Employers need to consider a number of things when communicating a salary sacrifice car scheme to staff.
- Employees need to know that company car tax bands will change every year until 2016-17, which could affect a scheme’s cost.
- Employees may incur early termination costs if they leave the scheme or their employer.
Some employees might see signing up to a two-or three-year salary sacrifice car deal as a financial burden, so employers must emphasise the positive side, such as the savings that can be made on tax and national insurance (NI).
Matt Duffy, head of online consultancy at Lorica Employee Benefits, says: “There are a number of things employers need to consider. An employee is, of course, going to benefit from all the great things [in the scheme], but employers need to communicate how to take advantage of tax and NI savings, which will vary between individuals and the cars they take.”
Current tax rules encourage take-up of cars with carbon dioxide (CO2 ) emissions below 120g/km, but HM Revenue and Customs will be adjusting the company car tax bands every year up to 2016-17. A car’s tax bracket is determined by its fuel efficiency: cars with higher CO2 emissions incur higher tax.
The appropriate percentage of a car’s list price that is subject to tax for the 0-50g/km CO2 band will be 5% in 2015-16 and 7% in 2016-17. For cars in the 51-75g/km CO2 band, the tax rate will be set at 9% in 2015-16 and 11% in 2016-17.
How schemes operate
Staff should also be made aware of how a salary sacrifice car scheme operates . At a fundamental level, an employee contractually agrees to a reduction in their salary in exchange for a benefit.
This allows staff to pay less income tax and NI, but they may instead pay benefit-in-kind tax. There is a clear cost benefit for the employee if the benefit-in-kind tax due is less than the income tax and NI that would have been paid.
However, one negative aspect is that employees may have to pay an early termination fee if they leave a scheme early. Gary Killeen, fleet services commercial leader at GE Capital, says: “Of particular interest is whether the employee knows, understands and controls the full range of actual scheme costs, such as termination, absences from work, damage and accident costs.”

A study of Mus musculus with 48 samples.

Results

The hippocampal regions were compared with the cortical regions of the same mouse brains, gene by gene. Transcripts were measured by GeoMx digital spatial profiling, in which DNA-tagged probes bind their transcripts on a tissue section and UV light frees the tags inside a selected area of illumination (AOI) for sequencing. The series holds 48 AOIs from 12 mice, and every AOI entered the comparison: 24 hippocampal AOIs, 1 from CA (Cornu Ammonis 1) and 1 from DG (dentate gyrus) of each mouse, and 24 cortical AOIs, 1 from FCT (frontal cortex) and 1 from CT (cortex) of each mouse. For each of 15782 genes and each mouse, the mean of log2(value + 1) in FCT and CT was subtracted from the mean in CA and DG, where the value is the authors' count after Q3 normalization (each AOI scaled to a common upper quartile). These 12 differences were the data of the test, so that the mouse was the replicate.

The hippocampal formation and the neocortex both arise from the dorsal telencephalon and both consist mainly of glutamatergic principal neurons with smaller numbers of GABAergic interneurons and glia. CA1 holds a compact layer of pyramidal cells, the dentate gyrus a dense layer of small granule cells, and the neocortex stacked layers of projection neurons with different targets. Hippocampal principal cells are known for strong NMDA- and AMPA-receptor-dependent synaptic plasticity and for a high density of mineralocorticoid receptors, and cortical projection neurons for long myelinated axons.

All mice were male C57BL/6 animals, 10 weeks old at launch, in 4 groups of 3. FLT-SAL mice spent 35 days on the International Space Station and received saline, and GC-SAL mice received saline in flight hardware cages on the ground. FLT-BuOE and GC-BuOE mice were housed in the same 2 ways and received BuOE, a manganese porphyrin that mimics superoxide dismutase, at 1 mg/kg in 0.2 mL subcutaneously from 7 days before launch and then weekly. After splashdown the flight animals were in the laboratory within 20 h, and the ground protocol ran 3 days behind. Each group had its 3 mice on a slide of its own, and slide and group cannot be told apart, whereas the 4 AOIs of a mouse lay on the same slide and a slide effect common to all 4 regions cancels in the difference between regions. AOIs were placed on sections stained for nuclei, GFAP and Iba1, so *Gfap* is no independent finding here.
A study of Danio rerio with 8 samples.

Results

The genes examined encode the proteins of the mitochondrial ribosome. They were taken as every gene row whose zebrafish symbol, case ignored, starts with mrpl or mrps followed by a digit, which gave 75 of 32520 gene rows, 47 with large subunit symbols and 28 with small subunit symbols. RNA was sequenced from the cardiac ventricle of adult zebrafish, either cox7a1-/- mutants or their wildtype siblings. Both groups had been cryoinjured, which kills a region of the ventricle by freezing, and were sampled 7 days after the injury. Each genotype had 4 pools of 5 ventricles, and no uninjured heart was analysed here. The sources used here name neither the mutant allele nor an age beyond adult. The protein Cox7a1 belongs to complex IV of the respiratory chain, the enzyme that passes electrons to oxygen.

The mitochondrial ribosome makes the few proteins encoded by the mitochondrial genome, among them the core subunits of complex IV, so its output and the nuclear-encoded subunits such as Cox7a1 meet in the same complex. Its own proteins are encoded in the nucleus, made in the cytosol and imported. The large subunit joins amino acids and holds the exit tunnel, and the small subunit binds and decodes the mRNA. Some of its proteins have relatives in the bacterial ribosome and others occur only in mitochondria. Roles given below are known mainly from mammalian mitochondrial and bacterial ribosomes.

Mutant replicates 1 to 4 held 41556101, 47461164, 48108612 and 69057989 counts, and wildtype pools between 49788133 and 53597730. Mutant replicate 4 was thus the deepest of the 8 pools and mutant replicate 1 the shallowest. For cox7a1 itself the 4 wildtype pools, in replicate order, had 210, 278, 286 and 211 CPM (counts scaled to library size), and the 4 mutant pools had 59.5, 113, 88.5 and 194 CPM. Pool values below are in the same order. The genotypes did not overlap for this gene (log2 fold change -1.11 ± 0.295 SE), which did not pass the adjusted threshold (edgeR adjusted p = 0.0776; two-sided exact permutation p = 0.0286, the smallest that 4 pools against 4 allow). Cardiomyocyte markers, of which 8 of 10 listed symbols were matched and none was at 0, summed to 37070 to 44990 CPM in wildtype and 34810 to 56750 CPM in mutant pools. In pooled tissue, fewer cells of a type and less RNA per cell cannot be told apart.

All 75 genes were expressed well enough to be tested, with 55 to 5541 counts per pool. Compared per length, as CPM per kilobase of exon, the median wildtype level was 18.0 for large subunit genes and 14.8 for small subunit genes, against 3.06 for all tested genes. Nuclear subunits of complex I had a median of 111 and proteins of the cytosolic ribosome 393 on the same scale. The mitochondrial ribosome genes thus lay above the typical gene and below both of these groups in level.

Some employers will seek insurance cover for any termination fees incurred after an initial period, but many will build their own pool of money by adding a premium to cover exit penalties.
“Mitigating the risk can be managed,” says Lorica’s Duffy. “Employers can put in insurances to cover claims from the first six months. They also put in a pot of money for the employee should there be any debt.”
Staff must also be warned about other associated risks. For example, employees cannot legally sign up to a salary sacrifice agreement if it takes their earnings below the minimum wage. Also, employers and employees must be aware of the ongoing changes to tax bands for company cars, which could affect the cost of schemes.
Implications of absence
Another important matter to communicate to staff is the implications of long-term employee absence, such as maternity leave or sickness. In the case of maternity leave, while the employee’s pay will gradually reduce, the salary sacrifice contribution towards their car cannot be altered.
David Hosking, chief executive officer of fleet provider Tusker, says: “Employers that are looking to introduce a scheme should do so with [a provider] that is experienced in dealing with these issues and dealing with complex schemes.”
Salary sacrifice car schemes offer employees a cost-efficient way of obtaining a new car that is fully maintained and insured, but staff must be given the full facts, including pros and cons. GE Capital’s Killeen adds: “Whatever an employer decides to communicate, a clear and concise policy that is fully understood by the employee is essential.”